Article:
Belonging… “may not be a physical space but a sense we carry in our bodies and pass down generations.” It goes deeper than the name of a place or “a stamp on the passport. It’s as deep as the soil of the earth”. (Aanchal Malhotra)
The Independence of India, coterminous with the Partition of the country and mass exodus of the people from their homes and hearth led to a pattern of violence and retaliation, anger and apathy for suffering of the ‘other’ and a sinking down to the bestial abyss. Partition of the country has been a black day in the history of India.
Result of Divide and Rule Policy
The atrocities of the Partition embodied the success of the British ‘Divide and Rule’ policy. While Punjab was divided into East and West Punjab, likewise, Bengal got partitioned into East and West Bengal. However the whole of Sindh province was left to Pakistan. Sindhi people, Sindhi language, art, literature, culture as well as Sindhi identity were deterritorialised. Identity is connected with roots; the soil beneath our feet. Deprived of this soil, this marker of identity, Sindhi people were disoriented and orphaned. There was bitterness, discontent, heart-wrenching pain; of course, the natural outcome of the heartache and heartbreak caused by a sudden forfeiture and deprivation of material possessions and cultural, linguistic and psychological markers of human identity. The following poem registers the plight of Sindhis displaced and disoriented from their motherland:
Karte ho yaad Azadi ko yaar saal dar saal,
’47 ki kaali raat bhi yaad karke to dekho!
Khoon, balaatkaar, Vichho khud ba khud
nazar aa jayenge,
Kisi Sindhi ki aankh me zara jhaank ke to dekho!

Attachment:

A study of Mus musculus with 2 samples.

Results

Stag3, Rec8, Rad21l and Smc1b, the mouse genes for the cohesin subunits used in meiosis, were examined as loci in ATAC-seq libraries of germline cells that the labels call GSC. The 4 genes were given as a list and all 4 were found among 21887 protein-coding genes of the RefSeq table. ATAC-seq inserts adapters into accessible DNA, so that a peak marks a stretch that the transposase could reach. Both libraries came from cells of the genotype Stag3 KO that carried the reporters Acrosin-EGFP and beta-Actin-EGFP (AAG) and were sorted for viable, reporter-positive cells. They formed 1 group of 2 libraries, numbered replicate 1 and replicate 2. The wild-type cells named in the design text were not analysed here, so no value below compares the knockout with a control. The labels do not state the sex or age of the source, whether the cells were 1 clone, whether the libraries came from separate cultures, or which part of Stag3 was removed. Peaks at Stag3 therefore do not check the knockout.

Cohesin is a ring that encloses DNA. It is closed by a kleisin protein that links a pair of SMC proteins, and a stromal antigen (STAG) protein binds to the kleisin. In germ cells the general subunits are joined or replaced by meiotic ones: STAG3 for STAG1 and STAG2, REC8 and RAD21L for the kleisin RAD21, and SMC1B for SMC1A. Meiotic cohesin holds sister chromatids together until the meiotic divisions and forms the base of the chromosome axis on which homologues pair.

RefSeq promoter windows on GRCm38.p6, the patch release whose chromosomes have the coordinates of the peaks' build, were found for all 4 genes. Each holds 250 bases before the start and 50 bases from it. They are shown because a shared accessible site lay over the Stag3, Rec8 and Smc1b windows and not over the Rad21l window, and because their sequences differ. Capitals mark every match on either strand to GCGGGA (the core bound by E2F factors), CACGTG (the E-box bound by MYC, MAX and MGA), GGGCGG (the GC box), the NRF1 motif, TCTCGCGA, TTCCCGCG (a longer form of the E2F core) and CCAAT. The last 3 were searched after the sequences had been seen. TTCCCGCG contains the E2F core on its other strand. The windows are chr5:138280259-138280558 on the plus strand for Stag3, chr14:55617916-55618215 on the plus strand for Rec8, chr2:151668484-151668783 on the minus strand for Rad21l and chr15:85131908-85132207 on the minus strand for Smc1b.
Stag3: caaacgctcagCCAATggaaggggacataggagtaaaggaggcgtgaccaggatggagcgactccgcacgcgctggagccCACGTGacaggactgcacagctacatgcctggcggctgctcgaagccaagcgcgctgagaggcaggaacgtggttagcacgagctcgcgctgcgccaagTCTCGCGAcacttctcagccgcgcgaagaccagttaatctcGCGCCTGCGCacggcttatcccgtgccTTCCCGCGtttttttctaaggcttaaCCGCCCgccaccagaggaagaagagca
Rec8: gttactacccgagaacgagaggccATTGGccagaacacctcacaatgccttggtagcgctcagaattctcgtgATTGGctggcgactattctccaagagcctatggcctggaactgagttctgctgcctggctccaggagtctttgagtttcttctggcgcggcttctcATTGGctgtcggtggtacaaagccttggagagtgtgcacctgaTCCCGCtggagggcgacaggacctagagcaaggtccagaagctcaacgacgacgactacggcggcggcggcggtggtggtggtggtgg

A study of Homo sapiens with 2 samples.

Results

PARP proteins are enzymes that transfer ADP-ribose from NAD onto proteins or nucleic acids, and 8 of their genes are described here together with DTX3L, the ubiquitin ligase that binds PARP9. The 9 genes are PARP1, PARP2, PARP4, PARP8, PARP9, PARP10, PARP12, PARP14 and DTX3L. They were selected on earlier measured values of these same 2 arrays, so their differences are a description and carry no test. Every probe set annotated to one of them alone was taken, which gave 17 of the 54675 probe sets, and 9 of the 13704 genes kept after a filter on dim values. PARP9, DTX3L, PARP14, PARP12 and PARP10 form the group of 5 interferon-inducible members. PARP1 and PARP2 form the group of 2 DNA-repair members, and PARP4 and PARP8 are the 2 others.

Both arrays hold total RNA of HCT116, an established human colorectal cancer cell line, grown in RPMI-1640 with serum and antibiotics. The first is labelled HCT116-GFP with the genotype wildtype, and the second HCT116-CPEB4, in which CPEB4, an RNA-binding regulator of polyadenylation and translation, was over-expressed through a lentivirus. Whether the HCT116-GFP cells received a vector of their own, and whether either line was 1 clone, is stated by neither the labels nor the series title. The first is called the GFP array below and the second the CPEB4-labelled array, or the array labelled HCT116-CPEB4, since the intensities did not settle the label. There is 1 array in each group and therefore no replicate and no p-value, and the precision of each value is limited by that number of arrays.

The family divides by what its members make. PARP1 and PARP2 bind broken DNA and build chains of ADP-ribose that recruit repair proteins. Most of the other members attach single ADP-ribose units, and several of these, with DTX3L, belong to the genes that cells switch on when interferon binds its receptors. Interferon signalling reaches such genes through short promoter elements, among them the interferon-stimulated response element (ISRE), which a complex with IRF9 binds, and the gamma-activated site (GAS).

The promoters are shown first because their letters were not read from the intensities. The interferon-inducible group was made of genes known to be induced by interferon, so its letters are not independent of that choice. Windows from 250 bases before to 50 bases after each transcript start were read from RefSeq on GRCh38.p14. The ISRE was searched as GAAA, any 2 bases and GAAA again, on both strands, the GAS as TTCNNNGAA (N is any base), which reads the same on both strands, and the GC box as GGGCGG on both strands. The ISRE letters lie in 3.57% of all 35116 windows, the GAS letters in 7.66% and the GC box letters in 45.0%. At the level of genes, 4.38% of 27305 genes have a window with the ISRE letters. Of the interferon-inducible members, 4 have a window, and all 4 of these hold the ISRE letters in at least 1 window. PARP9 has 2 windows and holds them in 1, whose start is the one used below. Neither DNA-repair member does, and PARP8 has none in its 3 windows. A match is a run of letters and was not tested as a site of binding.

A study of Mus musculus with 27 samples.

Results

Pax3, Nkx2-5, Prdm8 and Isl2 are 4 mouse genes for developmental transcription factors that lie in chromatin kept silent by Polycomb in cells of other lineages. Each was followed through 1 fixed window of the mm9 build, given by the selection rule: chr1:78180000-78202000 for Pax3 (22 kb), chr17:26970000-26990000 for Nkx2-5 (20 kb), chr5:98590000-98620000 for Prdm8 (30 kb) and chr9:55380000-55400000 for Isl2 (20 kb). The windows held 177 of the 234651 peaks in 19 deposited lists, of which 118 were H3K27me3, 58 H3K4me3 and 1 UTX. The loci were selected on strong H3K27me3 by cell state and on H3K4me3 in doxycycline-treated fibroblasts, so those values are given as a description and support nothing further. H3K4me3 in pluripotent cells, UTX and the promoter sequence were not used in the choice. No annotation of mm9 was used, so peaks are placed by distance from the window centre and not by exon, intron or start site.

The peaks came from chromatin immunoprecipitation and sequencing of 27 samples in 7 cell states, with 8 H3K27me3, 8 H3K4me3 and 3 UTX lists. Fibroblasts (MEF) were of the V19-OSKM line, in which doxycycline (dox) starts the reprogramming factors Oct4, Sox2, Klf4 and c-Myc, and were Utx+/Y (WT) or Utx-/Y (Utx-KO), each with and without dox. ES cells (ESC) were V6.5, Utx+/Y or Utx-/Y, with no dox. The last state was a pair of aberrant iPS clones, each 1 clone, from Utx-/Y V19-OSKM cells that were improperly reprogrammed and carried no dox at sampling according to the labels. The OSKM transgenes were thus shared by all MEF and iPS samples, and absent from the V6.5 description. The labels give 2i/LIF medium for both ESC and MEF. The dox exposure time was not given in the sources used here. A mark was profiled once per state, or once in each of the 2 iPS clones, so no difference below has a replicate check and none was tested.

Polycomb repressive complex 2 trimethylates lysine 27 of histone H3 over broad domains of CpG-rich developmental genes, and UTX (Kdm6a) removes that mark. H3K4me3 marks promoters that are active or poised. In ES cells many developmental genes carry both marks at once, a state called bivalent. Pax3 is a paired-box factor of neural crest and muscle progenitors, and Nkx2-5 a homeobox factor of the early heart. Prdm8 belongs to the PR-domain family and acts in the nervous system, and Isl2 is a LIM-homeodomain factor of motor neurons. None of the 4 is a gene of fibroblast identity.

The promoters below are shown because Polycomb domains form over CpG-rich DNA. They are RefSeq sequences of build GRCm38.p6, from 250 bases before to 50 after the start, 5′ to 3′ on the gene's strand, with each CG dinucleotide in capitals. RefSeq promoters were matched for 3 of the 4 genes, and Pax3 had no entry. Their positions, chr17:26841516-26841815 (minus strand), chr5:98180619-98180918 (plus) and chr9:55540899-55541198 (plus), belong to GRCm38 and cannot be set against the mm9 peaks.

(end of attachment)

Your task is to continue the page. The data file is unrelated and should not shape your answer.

(Ravi Prakash Tekchandani, Vibhajan Ke Khandar)
The need of the contemporary world is to inculcate the capacity to transcend one’s reductive, insular, centripetal consciousness and the willingness to develop a centrifugal consciousness and an ability to understand the loss incurred by the people of Sindh.
Identity Crisis For Bharat
Sindh is an innate part and defining factor of the identity of Bharat. It is unfortunate that the foundation stone laid by the Indus Valley Civilisation is not present on the map of Bharat. The loss of Sindh province, the excruciating pain of Sindhis at the human level, the splintered cartography and physical and psychological dissection of the country encapsulates an identity crisis for Bharat. Hence, Partition implies not just territorial severance and geographical loss; it brings Sindhi language, culture, literature, society and Sindhi identity in a challenging parenthesis. Land and language are inextricably linked. The language crisis is evinced in the Sindhi youth, now alienated from the territory of Sindh, Sindhi vocabulary, Sindhi terminology. The literary crisis arises from the fact that being deterritorialised, Sindhi literature has become literature of a scattered people; it is disjointed and dissociated from Sindhi land, culture, local food and local people. Sindhi culture has also adopted the flavour of their adopted arena, losing touch with pan- Sindhi culture, cuisine, art, painting, embroidery, sartorial manner, and Sindhi way of living.
Sindh is an innate part and defining factor of the identity of Bharat. It is unfortunate that the foundation stone laid by the Indus Valley Civilisation is not present on the map of Bharat
The sublime efforts of honourable Prime Minister of India, Narendra Modi, to celebrate the 75th year of Independence as Azadi ka Amrit Mahotsav throughout the country are complemented by sincere efforts to pay homage to Partition Horror Remembrance Day, as a sincere memorial for the intense loss suffered by a nondescript and displaced people.
Hence, there is an incumbent need to delve deep into the Sindh story (katha), the Sindhi predicament (vyatha), and formulate a solution for the same (samadhan). The suggested solution can be an appeal to the Ministry of Home Affairs to preserve and conserve Sindhi identity. Since, Gujarati language Kachchh is the language of the Sindhi people and since kachchh district of Gujarat is the biggest district of India, it can be converted into the Union Territory of India, ‘Sindh and Kachchh Province’ to give a sense of identity and space to Sindhi people to preserve and promote their language, literature and culture and reinstitute Sindhi identity.